TV revenues to cross Rs 371 bn by 2010: KPMG

MUMBAI: The Big Picture! The entertainment industry, currently valued at Rs 222 billion, is expected to grow to over Rs 580 billion by 2010. The main growth driver will be television, which accounts for 60 per cent of the revenue. That sector will grow to Rs 371 billion in 2010 from the current Rs 139 billion, according to a CII-KPMG report titled `Focus 2010-Dreams to Reality'.


The growth in the television sector will be fuelled by subscription revenues which will touch Rs 250 billion. Advertising revenue is expected to grow at a modest rate of eight per cent to reach Rs 78 billion.

Television’s growth will happen due to new delivery platforms like IP TV and DTH. This will lead to value added services like video on demand (VOD). However the report notes that subscription revenue distribution is skewed towards the cable operator on account of an unregulated environment.

The consumer has lack of choice when it comes to choosing the last mile operator. The new platforms will result in a more equitable distribution of revenue. However at the moment the new platforms do not have a level playing field.

Cable and satellite reaches 48 million homes. The study notes the disparity in the subscription price paid, which varies from Rs 100 to Rs 300. This is the situation regardless of the quality of content. If an LCO has 1500 subscribers only 375 are declared. The broadcaster collects just 12 per cent of revenue.



The remedy: To correct the situation, the report proposes that voluntary addressability be introduced. Tiering of channels is another option. Distributors should offer multiple tiers of programming. The basic tier should have mass and FTA channels. The premium tier can happen in an addressable environment and would cover sports, lifestyle and other niche

segments. In 2010, out of 85 million non-terrestrial television homes digital platforms will be available in 13 million homes.

Niche genres will grow. They have already significantly strengthened their value proposition the report notes. In addition, there will be more opportunities in areas like animation and lifestyle. This is proven with the recent entry of Zoom and Discovery Travel & Living. On the advertising front, the report estimates that last year the overall pie was Rs 118 billion. Press has a share of 46.1 per cent followed by television with a share of 41.1 per cent. Out of home advertising gets a 7.2 per cent share. However at 0.50 per cent India has one of the lowest advertising spends to GDP ratios in the world.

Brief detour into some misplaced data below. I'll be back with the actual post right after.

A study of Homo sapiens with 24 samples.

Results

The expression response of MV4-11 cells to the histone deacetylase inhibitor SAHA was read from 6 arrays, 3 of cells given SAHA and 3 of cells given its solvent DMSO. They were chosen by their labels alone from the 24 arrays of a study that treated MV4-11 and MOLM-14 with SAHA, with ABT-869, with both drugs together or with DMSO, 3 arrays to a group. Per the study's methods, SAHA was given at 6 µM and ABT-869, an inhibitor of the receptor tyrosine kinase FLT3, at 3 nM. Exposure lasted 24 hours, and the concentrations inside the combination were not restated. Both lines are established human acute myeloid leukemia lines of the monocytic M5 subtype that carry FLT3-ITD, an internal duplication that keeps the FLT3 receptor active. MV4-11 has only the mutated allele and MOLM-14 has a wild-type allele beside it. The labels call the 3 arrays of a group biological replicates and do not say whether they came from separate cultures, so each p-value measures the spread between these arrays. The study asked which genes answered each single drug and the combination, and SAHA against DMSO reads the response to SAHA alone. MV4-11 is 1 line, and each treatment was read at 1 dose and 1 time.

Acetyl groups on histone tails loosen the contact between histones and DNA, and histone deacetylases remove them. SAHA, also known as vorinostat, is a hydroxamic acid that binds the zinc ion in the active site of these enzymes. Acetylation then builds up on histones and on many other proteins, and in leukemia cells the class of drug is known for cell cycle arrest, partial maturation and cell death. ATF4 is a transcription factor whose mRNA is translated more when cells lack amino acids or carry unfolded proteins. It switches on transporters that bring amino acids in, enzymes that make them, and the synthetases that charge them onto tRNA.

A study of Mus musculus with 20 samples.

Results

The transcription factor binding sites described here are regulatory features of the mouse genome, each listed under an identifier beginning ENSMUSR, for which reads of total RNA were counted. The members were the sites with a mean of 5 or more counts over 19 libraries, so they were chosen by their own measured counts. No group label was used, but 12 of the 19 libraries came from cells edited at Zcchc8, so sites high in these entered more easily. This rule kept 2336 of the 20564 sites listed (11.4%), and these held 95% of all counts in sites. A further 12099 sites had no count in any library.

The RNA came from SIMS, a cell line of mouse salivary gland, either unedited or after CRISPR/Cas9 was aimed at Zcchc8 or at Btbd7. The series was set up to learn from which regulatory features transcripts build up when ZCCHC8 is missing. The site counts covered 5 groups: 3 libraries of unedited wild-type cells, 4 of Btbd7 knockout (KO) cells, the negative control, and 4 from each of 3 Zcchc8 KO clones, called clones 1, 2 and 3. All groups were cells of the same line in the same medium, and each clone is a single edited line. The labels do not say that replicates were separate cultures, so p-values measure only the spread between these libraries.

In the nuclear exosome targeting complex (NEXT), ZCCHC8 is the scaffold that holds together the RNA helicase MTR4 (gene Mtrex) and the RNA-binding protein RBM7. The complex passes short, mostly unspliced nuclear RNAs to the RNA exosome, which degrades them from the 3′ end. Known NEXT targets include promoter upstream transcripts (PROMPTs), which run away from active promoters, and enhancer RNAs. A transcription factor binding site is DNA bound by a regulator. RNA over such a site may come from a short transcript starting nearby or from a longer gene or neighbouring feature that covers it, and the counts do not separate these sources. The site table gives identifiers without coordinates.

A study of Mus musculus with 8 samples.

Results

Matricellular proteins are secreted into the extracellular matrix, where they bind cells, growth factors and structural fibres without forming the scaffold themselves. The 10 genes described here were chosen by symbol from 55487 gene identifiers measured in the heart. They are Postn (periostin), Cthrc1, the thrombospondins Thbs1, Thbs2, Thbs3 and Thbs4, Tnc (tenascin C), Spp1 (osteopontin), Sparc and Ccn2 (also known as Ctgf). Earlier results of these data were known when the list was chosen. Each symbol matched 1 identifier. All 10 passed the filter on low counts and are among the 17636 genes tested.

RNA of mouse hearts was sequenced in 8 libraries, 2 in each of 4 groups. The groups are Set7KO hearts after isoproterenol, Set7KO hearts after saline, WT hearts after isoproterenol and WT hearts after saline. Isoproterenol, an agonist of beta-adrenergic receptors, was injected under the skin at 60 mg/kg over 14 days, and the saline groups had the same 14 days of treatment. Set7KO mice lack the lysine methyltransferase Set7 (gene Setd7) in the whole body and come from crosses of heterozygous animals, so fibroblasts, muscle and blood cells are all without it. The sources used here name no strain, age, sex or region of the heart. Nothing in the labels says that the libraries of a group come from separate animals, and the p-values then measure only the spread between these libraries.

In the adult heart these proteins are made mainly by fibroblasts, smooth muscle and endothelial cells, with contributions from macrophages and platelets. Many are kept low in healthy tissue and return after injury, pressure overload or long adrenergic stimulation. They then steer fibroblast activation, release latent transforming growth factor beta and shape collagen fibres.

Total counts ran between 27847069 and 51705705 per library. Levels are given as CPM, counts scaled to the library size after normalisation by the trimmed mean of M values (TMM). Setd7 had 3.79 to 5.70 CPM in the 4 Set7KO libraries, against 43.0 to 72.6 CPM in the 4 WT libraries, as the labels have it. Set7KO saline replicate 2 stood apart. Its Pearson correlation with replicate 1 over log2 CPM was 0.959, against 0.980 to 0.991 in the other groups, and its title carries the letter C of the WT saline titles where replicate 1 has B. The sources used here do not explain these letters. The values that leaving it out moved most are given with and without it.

How different genres are performing: Mass entertainment channels get 40 per cent of the viewership. The report notes that broadcasters are starting to realise that viewers cannot be taken for granted. While they have been able to capture the mood of the viewer sports and Hindi film channels have had to spend heavily to acquire properties.

For instance the cricket World Cup in 2003 fetched a price of $85 million. In 1992 the price was $10 million. This marks a 750 per cent rise. News channels have registered a 100 per cent growth in viewership in the past three years. The same goes for kids channels and English entertainment channels.

The report notes that with Mirza and Karthikeyan doing well, viewership for F1 and tennis is growing. However viewership for sports channels will be cyclical depending on the frequency of important events. As far as news channels are concerned the next growth driver will be in the business space.

The news channel space is expected to grow at the rate of 40-50 per cent in the coming three years. Going forward the report states that broadcasters and content producers will begin to work out backward and forward integration models.

The ad scenario: Until recently FMCG companies and consumer durable marketers were advertising. Today, the advertising segment has expanded to include youth and teen products, financial products and services, telecom. Mass entertainment channels like Star Plus, Sony have the largest loyal advertising base. Almost 17-18 of the top 25 advertisers only look at these channels. Not surprisingly, financial products can be seen on news and business channels.

One source of revenue for channels could be differentiated content. For instance you could have ads free telecast of cricket with a differentiated on-ground coverage. English film channels enjoy the highest ads to viewership ratio. Regional channels

have the lowest ads to viewership ratio. The report notes that regional channels have had to jostle for viewership in the face of an increasing variety in offering from the mass entertainment channels.

The Film segment: The film industry revenue is expected to touch Rs 140 billion in 2010. The report states that while film contribute just 27 per cent to entertainment revenues they form the heart of the entertainment industry. Compared to television this sector is unorganised with a low level of discipline.

The Music segment: Reversing the slide, the music industry has grown to Rs 10.2 billion in 2004. The report predicts the sector to enjoy a five per cent year-on-year growth to touch Rs 13.2 billion in 2010.

The music industry needs to reinvent its business model in order to attract significant investments. Digital infrastructure, effective distribution formats and a conducive regulatory regime to combat piracy is necessary to push growth, according to the CII-KPMG report.